This female Orange-tailed Marsh Dart (Ceriagrion cerinorubellum) damselfly was on a leaf in my garden munching on a male Culex mosquito. Damselfly larvae are important aquatic predators. Besides serving as food for various fishes, the adults play a similar role on land. They do eat mosquitoes, and they also eat a vast variety of other insects thus helping to keep their population under control.
Mosquito larvae, for the most part, live right at the water’s surface. If they drop down to the bottom, damselfly larvae which prowl on underwater plants and the bottoms of ponds and lakes pounce and feed on them. Damselfly larvae, unfortunately, might also be the victim of other sorts of mosquito control practices which inadvertently target damselflies. In fact, Hawaiian damselfly species Megalagrion became seriously endangered when a primarily surface-feeding fish (Gambusia, the mosquito fish) was introduced for mosquito control and turned out to be a pretty good predator on damselfly larvae as well.
Damselflies are ideal indicators of wetland health because their larvae develop in water and include a full array of ecological types. This means that they can be used as indicators to monitor both positive and negative habitat changes. One of the world’s biggest problems today is related to its freshwater resources, both quality and quantity, and currently almost 40% of the world’s population experience serious water shortages. Dragonflies & Damselflies are already used to monitor wetland health in Europe, Japan, the USA and Australia, and it is hoped that soon monitoring and research of dragonflies and their habitats in other parts of the world, as well as encouraging their conservation.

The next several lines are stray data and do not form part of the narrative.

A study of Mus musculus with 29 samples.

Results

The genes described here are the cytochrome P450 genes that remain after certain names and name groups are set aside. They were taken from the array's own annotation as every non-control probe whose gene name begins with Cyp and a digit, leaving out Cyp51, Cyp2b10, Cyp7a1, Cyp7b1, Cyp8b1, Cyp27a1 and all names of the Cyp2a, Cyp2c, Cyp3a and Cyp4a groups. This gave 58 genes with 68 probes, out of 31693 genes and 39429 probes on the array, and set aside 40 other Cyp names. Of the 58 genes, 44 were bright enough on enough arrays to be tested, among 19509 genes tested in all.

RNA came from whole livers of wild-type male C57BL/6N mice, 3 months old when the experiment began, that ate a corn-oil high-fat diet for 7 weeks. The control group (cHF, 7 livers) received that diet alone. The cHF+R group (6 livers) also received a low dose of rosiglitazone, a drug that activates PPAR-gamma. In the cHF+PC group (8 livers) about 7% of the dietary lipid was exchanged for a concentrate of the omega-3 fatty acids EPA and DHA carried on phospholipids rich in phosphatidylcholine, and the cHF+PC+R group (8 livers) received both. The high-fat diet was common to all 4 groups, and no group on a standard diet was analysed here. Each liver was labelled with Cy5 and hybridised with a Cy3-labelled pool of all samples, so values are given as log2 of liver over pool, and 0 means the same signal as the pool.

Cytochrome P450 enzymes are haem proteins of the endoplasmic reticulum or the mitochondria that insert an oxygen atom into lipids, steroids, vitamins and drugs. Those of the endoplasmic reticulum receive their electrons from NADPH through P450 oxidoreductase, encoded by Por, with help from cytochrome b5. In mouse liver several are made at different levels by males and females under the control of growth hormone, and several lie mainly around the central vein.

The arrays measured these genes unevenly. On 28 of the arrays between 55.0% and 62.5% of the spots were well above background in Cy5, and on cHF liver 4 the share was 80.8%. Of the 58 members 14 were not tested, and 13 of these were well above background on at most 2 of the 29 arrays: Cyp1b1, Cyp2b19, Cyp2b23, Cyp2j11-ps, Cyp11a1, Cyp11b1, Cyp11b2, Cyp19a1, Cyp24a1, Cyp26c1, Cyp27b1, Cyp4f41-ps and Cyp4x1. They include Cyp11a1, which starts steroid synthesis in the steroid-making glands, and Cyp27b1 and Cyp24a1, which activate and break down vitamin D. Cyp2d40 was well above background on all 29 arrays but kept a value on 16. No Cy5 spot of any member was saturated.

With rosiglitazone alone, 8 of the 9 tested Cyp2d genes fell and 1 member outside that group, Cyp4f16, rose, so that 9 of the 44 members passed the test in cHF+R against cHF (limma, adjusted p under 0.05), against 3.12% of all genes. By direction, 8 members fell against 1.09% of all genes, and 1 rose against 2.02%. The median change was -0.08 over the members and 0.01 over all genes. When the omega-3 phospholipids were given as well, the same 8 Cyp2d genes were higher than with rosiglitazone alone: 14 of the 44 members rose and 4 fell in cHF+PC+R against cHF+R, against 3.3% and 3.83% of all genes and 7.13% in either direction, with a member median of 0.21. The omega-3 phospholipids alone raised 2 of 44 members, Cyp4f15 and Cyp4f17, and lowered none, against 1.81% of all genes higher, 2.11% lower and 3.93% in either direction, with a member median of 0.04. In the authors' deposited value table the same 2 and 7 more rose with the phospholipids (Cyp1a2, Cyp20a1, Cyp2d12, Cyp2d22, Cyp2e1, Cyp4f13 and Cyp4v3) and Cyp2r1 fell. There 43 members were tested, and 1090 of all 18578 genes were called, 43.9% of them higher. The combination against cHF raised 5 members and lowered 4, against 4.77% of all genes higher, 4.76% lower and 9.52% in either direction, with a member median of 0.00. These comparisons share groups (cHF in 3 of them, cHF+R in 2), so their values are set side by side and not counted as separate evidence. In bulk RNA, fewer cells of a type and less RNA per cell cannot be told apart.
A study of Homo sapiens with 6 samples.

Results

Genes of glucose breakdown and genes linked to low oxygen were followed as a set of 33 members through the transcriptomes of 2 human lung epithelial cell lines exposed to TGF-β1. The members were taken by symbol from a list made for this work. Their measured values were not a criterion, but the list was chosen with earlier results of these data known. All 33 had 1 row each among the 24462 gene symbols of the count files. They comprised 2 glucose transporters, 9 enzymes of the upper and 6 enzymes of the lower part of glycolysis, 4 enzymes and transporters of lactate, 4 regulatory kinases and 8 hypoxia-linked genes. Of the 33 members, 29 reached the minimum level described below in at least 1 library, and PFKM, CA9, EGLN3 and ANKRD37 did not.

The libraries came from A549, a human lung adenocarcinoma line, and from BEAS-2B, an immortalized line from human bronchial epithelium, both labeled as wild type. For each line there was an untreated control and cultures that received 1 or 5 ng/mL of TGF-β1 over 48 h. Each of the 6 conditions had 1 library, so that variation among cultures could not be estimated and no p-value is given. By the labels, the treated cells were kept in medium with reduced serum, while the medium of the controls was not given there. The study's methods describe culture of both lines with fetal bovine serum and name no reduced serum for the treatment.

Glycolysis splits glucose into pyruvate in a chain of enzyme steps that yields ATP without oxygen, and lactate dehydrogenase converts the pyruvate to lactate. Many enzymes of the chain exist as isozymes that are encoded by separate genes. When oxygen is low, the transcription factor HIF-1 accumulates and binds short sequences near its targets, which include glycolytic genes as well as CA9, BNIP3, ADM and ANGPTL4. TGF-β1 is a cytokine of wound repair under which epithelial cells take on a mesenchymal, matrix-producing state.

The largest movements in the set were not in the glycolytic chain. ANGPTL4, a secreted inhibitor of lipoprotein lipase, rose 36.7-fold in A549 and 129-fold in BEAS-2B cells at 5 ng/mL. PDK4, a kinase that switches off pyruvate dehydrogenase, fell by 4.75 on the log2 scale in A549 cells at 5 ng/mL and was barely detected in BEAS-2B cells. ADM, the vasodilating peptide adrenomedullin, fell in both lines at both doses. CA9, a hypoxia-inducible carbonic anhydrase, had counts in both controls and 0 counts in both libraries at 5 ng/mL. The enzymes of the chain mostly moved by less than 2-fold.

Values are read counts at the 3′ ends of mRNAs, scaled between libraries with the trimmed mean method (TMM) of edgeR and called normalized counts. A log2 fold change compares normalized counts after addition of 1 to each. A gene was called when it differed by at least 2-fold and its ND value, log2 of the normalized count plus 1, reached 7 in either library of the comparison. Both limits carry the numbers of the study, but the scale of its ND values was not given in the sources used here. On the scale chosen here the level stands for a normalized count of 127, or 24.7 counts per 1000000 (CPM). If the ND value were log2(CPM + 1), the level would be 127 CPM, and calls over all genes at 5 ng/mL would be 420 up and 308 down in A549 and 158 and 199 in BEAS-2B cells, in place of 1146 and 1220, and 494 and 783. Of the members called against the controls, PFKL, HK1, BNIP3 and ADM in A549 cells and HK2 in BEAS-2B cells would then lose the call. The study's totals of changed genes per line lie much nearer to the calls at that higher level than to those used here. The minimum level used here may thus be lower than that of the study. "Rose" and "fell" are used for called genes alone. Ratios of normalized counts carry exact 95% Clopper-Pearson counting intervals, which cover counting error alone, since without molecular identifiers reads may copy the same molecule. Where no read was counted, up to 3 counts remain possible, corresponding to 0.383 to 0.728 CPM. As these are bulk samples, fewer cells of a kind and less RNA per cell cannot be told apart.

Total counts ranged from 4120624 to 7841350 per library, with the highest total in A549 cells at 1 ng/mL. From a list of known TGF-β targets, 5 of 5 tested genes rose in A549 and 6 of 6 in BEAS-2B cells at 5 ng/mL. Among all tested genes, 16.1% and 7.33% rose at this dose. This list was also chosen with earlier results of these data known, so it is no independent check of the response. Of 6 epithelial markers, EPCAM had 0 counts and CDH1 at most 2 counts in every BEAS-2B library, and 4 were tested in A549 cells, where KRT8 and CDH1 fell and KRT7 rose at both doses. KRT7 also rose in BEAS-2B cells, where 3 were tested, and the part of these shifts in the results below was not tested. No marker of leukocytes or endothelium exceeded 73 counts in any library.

Here is an interesting video of dragonfly larva hunting mosquito larvae.
Orange-tailed Marsh Dart is a species of damselfly in the family Coenagrionidae. It’s commonly known as orange-tailed marsh dart or bi-coloured damsel. This is the quite a common and beautiful species of damselfly found particularly around ponds, drains, canal, open streams, etc. Orange-tailed Marsh Dart rests on dry twigs and vegetation over water. It is relatively big damselfly in size.
It attacks and feeds on other species of smaller damselflies. Its bluish-green head and orange base and the tip of the abdomen is quite distinctive and cannot be mistaken for other species. The female has a similar appearance, however, the red abdominal segments 7-10 is much duller. It is quite to approachable and getting a close-up shot is fairly easy.
This species can be found in Asia: Bangladesh, China, Indonesia, India, Sri Lanka, Myanmar, Malaysia, Philippines, Peninsular Malaysia, Singapore, Thailand, Vietnam. They are commonly found on the banks of ponds, rivers and canals sitting on dry twigs and vegetation over water. They breed in marshy banks of rivers, canals and ponds. The orange-tailed marsh dart is active from October to January.